Students adjust to new school schedules during AP exams


Every May, students experience drastic changes in their school routines due to AP testing. This year was not an exception. For example, lunchtimes shifted to new time blocks for certain grade levels, and with permission, students were dismissed earlier from school after their exams. Moreover, though the College Board offers options to administer AP tests online, unlike last year, the SIS leadership team decided to require all students to take AP tests at school unless individuals have special circumstances.


“For me, in particular, adapting to the new lunch block schedule was not a difficulty because I usually bring my lunch to school. However, as an executive of several clubs, I found it difficult to arrange club meetings because grade levels had different lunchtimes,” Hannah Yoo (12), who took five AP exams this year, said. “Moreover, taking the exams at school was a lot more burdensome compared to home exams because I was trained to take shorter tests during my junior year. Still, because I was also trained to take live tests, in-school testing was also doable. In addition, I enjoyed taking tests at school because I struggled to maintain my sleep schedule during last year’s exam, especially when testing was from 1 a.m. to 5 a.m. However, the tests held at school matched my usual circadian rhythm.”


As AP testing approached, students from 10th to 12th grade allotted more time to studying for AP exams and managing their stress levels. Especially for sophomores, who took their AP tests for the first time, adapting to the stringent procedures on test day, including preparing specific test materials and following demanding exam protocols, was challenging for many. Meanwhile, upperclassmen needed to complete multiple AP exams during the two-week exam season. To ameliorate the stress of AP season, teachers and students shared words of encouragement through social media. For example, the SIS counseling Instagram page posted guided self-care routines for students to follow during exam weeks, underscoring the importance of mental, emotional, and physical well-being during highly pressured times.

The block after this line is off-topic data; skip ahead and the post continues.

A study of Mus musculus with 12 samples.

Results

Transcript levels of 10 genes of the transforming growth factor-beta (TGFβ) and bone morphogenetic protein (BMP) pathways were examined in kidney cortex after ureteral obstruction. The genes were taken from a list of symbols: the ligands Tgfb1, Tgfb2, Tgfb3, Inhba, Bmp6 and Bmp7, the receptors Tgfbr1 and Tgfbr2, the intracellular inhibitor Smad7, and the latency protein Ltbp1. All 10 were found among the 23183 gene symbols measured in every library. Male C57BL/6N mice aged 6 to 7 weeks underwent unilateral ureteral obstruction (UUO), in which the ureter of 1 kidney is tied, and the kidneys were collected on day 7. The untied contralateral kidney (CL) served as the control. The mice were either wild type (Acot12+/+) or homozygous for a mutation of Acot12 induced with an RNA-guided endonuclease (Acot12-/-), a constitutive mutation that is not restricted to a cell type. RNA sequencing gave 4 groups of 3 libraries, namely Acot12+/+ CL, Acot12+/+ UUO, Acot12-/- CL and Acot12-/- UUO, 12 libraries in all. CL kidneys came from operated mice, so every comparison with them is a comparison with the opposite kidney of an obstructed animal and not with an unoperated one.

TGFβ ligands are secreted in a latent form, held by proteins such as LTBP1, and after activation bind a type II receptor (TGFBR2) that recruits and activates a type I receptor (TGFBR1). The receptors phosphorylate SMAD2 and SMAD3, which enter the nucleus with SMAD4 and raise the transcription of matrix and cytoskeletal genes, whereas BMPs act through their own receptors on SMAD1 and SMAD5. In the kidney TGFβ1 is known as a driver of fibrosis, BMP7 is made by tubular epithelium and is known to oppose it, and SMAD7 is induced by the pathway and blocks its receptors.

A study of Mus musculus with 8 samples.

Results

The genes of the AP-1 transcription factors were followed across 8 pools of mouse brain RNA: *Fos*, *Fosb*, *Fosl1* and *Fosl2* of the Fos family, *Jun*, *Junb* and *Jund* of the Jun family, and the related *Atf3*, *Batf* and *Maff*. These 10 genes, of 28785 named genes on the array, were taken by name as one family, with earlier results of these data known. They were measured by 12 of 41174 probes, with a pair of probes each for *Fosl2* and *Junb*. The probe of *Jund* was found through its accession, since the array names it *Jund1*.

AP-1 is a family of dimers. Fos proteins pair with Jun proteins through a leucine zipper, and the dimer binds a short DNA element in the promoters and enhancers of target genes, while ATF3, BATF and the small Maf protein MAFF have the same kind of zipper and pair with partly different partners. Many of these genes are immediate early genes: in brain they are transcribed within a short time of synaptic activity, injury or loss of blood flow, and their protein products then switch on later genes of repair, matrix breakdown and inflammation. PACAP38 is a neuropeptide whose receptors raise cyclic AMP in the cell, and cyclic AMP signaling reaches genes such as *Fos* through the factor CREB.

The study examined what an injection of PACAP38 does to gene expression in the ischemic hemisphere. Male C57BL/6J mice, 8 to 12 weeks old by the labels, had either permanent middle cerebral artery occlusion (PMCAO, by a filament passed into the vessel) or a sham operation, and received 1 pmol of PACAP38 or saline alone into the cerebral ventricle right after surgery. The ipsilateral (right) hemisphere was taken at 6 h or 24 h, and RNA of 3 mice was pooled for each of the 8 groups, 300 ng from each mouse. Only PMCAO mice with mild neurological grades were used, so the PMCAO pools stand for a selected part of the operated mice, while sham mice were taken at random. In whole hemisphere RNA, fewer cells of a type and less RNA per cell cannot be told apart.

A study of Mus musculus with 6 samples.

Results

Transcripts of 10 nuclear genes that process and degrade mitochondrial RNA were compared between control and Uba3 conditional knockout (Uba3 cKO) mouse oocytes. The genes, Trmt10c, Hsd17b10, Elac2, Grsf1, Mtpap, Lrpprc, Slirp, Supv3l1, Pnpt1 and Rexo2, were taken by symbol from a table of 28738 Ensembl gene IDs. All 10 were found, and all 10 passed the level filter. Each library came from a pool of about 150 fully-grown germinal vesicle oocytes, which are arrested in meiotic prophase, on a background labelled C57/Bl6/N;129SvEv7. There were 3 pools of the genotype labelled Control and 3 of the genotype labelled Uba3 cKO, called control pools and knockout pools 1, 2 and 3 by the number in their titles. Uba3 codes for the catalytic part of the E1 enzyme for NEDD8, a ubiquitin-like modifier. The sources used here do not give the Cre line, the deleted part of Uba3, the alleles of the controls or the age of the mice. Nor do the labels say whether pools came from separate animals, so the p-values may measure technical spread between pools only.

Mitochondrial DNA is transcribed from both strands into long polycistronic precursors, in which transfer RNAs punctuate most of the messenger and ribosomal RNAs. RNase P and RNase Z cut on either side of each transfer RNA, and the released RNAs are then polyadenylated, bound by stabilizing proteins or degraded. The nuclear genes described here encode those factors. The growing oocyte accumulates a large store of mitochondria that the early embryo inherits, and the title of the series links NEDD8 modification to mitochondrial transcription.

“Although we did not create specific events to help students decompress during AP exams, I think that could be a viable idea for next year,” Morgan Davis, the high school counselor, said. “There was a counseling blog post just before exams started, which discussed breaking down the stigma around mental health and encouraging students to reach out to counselors. Furthermore, at the beginning of this week, another blog post was released that addressed cognitive distortions and ways to break free of negative thinking patterns. We felt that this information was especially relevant during AP testing, and I hope students found the time to read the information.”


Specifically, juniors committed to greater academic responsibilities as many individuals had more exams awaiting them. Meanwhile, most seniors, amid AP exam season, also needed to prepare for transitioning into college. Regarding school schedules, exam times were mixed for all grade levels, having some students take exams during the later morning and others in the early afternoon. Despite schedule differences, students in all grade levels worked hard to sustain a healthy work and life balance to stay in solid conditions for their exams. 


“The stress for AP exams was definitely more prevalent than it was for last year’s exam because the test last year was an abbreviated version from the original exam,” Evan Kim (11), who took two AP exams this year, said. “For almost two and a half weeks, I studied a lot and focused on managing my time efficiently so that I would be able to take the test in my peak condition. To achieve this, I maintained a strict schedule for activities such as sleeping, eating, resting, studying, and many more.”